Livestock Skillathon Team Places 8th in Nation
After numerous study sessions and months of fundraising, four teens representing UI 4-H Youth Development in Lincoln County traveled to Louisville, Kentucky for the National 4-H Livestock Skillathon Contest last November, held in conjunction with the North American International Livestock Exposition.
Wade Thompson and Dee Jay McMurdo of Richfield and Seth Dalton and Waid Dalton of Shoshone competed against teams from 20 other states. The team won the right to represent Idaho after finishing first in the 4-H state qualifying event in early 2016.
The team placed 8th overall at the national competition, 10th in team evaluation, 8th in quality assurance and 7th in identification. Individually, Seth Dalton placed 14th and Waid Dalton placed 19th in the nation, both receiving All-American belt buckles for their accomplishments.
Knowledge of Many Topics
The livestock skillathon tests a 4-H member’s knowledge and comprehension of animal science and livestock management practices. The contest provides an opportunity for youth to gain and develop production livestock skills and life skills through a competitive environment.
The contest consisted of individual and team challenges. Each team member tested their knowledge of livestock equipment; meat cut identification; breeds of cattle, sheep, swine and goats; hay judging; wool judging and quality assurance.
Effort Leads to Success
“One of the great things about our team and why we placed so high was that every single member of the team spoke at the team competition,” said Carmen Willmore, UI Extension educator in Lincoln County. “That’s an important part of these competitions, to show that they had worked together and all knew what they were doing. One person wasn’t carrying the team; they were all working together.”
After winning the state competition, the team spent the summer fundraising for the trip to the national event. They served meals for 4-H camps and worked at food booths at local rodeos and fairs. Additional funds were provided by the Lincoln County Leaders Council and District III Leaders Council.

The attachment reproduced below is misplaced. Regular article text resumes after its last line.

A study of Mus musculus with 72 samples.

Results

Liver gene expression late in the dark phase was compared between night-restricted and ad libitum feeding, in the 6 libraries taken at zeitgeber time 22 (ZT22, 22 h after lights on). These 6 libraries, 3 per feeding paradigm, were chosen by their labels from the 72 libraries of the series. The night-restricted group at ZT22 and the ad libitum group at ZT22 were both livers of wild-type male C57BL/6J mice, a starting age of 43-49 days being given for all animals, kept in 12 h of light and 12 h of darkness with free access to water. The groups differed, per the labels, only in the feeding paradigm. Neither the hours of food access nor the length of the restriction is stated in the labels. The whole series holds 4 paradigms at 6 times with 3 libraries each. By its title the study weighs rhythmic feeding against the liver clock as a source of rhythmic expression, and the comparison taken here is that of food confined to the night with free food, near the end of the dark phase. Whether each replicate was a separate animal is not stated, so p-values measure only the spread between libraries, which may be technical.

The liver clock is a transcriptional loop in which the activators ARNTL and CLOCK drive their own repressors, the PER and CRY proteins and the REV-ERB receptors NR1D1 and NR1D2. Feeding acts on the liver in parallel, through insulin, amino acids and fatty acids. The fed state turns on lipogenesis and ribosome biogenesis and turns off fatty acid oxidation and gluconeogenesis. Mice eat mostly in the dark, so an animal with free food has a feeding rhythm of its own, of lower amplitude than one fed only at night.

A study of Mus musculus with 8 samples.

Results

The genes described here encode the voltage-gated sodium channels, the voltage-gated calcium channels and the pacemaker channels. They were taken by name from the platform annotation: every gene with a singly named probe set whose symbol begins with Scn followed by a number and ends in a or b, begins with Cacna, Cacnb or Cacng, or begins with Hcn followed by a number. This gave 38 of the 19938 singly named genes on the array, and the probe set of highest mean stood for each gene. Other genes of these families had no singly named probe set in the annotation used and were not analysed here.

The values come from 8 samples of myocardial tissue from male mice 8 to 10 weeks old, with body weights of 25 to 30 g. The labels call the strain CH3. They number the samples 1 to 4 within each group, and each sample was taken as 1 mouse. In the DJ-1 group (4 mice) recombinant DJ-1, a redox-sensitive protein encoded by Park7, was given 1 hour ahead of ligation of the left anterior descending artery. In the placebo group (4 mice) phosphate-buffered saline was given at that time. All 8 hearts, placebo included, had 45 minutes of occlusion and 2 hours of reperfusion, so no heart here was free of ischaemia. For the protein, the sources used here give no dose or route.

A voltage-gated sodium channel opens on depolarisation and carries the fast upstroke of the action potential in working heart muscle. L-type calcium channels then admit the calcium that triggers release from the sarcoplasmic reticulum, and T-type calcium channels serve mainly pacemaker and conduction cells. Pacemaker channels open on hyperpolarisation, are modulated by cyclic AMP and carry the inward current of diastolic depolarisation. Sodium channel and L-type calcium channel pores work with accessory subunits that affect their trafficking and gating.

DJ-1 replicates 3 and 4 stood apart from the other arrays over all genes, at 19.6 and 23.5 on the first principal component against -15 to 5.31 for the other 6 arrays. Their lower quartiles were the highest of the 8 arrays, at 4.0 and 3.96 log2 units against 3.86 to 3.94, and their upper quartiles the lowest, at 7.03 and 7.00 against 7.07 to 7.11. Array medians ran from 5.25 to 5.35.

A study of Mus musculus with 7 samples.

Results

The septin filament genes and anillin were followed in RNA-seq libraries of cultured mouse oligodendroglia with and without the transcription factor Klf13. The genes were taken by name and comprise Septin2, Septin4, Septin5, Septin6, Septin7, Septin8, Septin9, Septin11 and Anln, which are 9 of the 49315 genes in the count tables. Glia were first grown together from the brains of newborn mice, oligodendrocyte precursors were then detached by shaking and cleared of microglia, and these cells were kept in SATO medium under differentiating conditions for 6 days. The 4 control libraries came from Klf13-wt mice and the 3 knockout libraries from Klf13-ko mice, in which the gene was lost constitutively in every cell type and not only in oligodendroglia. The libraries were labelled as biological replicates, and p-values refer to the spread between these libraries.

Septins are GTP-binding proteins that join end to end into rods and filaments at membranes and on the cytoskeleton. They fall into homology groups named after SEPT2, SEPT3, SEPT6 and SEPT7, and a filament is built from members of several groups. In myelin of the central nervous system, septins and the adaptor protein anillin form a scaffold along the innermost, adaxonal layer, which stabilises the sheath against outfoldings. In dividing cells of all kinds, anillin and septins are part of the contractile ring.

In addition to fundraising, the team also spent countless hours studying and preparing for the competition. The team would meet once a week at the UI Extension office in Lincoln County to practice for the team competition and individuals also studied on their own at home.
“Our 4-H leader, Kerry Thompson, works really hard with the kids in the county to study for the competition,” Willmore said. “They had probably been studying for two months leading up to the state competition and another two to three months leading up to the national competition.”
Understanding the Industry
Willmore sees the skillathon as a great way for youth to learn more about the livestock industry.
“I think this is a great competition not only for kids that are already working with livestock, but for kids that maybe don’t own livestock or have that opportunity,” Willmore said. “It’s an eye opening experience and a way to better understand all of the parts of the industry. This helps them at a young age see the whole industry from a new perspective.”
The knowledge gained through the skillathon will also have an impact on those youth who decide to work in the industry.
“Being in the competition has given them a broader knowledge of the industry,” Willmore said. “Now they can come to a producer school, even at a young age, and fully understand what we are talking about. That knowledge will help them in the future if they decide to have a career in the industry.”